Platform screen doors are installed on subway platforms to protect passengers waiting for trains from the tracks below.
  • Edited By: A. Joseph
  • Last Modified Date: 12 October 2014

Safety is the main reason why platform screen doors are installed, and among the safety concerns, suicide prevention ranks highly. Jumping onto the tracks ahead of an oncoming train is a common way for people to end their lives. Cities and local governments often install platform screen doors as a means of keeping passengers safely on the platform, preventing both jumps and accidental falls.

Keeping the rails and the platform separate has numerous other advantages, as well. Platform screen doors often contribute to more controlled temperature environments in indoor or underground platforms, keeping wind from the train from significantly affecting the inside environment. The doors can also help reduce the risk of things being dropped onto the tracks, which reduces cleanup and security costs.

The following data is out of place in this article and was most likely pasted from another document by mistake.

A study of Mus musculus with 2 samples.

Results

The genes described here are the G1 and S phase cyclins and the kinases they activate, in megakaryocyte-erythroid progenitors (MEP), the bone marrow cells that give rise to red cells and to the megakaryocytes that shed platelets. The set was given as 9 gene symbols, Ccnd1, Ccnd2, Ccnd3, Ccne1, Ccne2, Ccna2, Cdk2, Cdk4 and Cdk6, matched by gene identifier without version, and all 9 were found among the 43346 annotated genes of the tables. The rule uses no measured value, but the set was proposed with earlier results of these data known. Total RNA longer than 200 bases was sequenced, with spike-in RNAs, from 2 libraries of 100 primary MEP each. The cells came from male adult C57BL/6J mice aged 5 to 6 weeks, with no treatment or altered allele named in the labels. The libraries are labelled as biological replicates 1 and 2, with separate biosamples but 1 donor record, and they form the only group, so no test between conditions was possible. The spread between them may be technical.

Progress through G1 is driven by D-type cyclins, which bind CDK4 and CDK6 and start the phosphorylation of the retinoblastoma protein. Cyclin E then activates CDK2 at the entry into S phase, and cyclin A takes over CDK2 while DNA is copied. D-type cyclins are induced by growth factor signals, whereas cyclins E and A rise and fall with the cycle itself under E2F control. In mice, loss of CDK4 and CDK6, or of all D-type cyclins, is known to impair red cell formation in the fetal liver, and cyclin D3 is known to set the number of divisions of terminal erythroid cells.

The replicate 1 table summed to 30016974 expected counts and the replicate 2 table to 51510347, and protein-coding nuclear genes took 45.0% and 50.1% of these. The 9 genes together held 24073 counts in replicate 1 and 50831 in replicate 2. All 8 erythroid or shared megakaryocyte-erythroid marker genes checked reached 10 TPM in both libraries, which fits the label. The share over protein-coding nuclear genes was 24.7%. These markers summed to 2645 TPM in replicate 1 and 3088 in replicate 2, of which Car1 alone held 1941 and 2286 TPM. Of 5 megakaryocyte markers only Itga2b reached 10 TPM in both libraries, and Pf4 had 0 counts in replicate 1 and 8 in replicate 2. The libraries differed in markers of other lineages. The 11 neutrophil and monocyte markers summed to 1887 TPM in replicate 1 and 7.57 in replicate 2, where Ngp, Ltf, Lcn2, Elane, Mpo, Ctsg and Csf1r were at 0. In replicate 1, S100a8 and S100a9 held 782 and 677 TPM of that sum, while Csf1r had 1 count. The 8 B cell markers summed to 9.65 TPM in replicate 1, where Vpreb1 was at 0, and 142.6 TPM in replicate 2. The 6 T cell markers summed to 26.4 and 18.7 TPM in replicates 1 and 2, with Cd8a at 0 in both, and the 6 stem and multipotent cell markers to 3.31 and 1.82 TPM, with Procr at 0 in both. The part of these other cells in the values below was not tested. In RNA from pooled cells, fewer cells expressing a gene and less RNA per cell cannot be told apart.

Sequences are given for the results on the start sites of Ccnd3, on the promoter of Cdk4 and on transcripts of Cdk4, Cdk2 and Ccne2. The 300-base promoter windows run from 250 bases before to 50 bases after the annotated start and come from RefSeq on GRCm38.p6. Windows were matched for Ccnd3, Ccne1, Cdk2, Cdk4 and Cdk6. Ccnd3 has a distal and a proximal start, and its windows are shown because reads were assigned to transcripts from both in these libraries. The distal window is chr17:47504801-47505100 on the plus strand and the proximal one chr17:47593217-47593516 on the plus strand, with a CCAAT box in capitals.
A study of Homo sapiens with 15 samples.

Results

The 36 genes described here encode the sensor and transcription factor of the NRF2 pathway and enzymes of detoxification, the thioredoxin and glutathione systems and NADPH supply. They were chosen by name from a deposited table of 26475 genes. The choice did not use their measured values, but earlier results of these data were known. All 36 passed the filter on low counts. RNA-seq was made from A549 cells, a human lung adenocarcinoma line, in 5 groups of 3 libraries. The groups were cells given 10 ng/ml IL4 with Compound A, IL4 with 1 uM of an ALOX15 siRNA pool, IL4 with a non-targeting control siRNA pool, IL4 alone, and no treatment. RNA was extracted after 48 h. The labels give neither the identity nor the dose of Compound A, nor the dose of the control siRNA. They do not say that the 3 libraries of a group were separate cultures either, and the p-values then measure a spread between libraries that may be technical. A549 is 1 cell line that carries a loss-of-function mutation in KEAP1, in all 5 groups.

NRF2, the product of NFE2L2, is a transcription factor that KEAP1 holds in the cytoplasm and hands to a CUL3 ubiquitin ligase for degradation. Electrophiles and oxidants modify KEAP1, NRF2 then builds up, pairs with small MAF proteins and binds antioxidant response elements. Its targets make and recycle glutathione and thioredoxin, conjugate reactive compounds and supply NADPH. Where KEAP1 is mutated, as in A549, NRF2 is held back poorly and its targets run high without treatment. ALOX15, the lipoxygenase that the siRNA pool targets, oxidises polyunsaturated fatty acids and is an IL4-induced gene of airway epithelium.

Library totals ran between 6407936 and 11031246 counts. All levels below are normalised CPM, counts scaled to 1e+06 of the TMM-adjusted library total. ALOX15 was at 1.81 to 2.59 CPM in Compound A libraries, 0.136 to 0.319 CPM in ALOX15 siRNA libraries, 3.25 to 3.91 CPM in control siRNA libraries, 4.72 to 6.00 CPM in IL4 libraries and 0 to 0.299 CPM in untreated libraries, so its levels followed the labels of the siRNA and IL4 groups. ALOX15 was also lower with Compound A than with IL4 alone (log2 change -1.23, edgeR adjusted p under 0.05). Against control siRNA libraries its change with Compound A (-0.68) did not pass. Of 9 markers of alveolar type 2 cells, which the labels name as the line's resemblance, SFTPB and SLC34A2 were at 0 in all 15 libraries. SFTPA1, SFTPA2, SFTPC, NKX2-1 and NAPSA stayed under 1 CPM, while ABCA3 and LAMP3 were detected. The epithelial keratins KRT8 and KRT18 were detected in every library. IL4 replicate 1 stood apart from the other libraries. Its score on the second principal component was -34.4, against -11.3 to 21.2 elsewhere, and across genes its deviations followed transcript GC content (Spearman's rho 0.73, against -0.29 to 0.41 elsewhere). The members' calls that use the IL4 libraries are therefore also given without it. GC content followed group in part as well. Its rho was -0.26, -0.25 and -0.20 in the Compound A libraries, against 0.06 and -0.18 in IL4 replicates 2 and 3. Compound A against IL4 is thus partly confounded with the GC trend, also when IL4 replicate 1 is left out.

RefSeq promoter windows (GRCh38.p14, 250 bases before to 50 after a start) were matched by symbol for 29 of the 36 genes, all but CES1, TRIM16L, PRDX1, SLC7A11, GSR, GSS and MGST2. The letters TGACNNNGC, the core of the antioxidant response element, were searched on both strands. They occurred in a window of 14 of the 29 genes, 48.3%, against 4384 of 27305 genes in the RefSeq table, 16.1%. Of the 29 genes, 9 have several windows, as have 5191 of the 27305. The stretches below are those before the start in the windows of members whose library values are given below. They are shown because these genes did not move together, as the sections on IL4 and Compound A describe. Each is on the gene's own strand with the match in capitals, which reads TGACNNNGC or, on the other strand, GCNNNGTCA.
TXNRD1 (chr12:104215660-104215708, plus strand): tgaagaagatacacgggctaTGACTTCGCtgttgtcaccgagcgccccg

Platform screen doors are most popular in rapid transit commuter systems in Asia, particularly in Japan, South Korea, Singapore and many of China’s larger cities. Similar doors also have been installed in several European rail stations. The costs involved in retrofitting train stations to accommodate metro platform screen doors are often exorbitant, because much of the rail infrastructure would need updating, rewiring and regular testing. For this reason, many transit systems have added the doors to new construction while leaving existing stations as they are.

In North America, platform screen doors are rarely seen outside of airport transit shuttles. This is partly because of the cost as well as the relative newness of many transit systems. It is often a tough sell to convince the operators of systems that are only decades old to engage in major construction projects that would inconvenience commuters and lead to delays.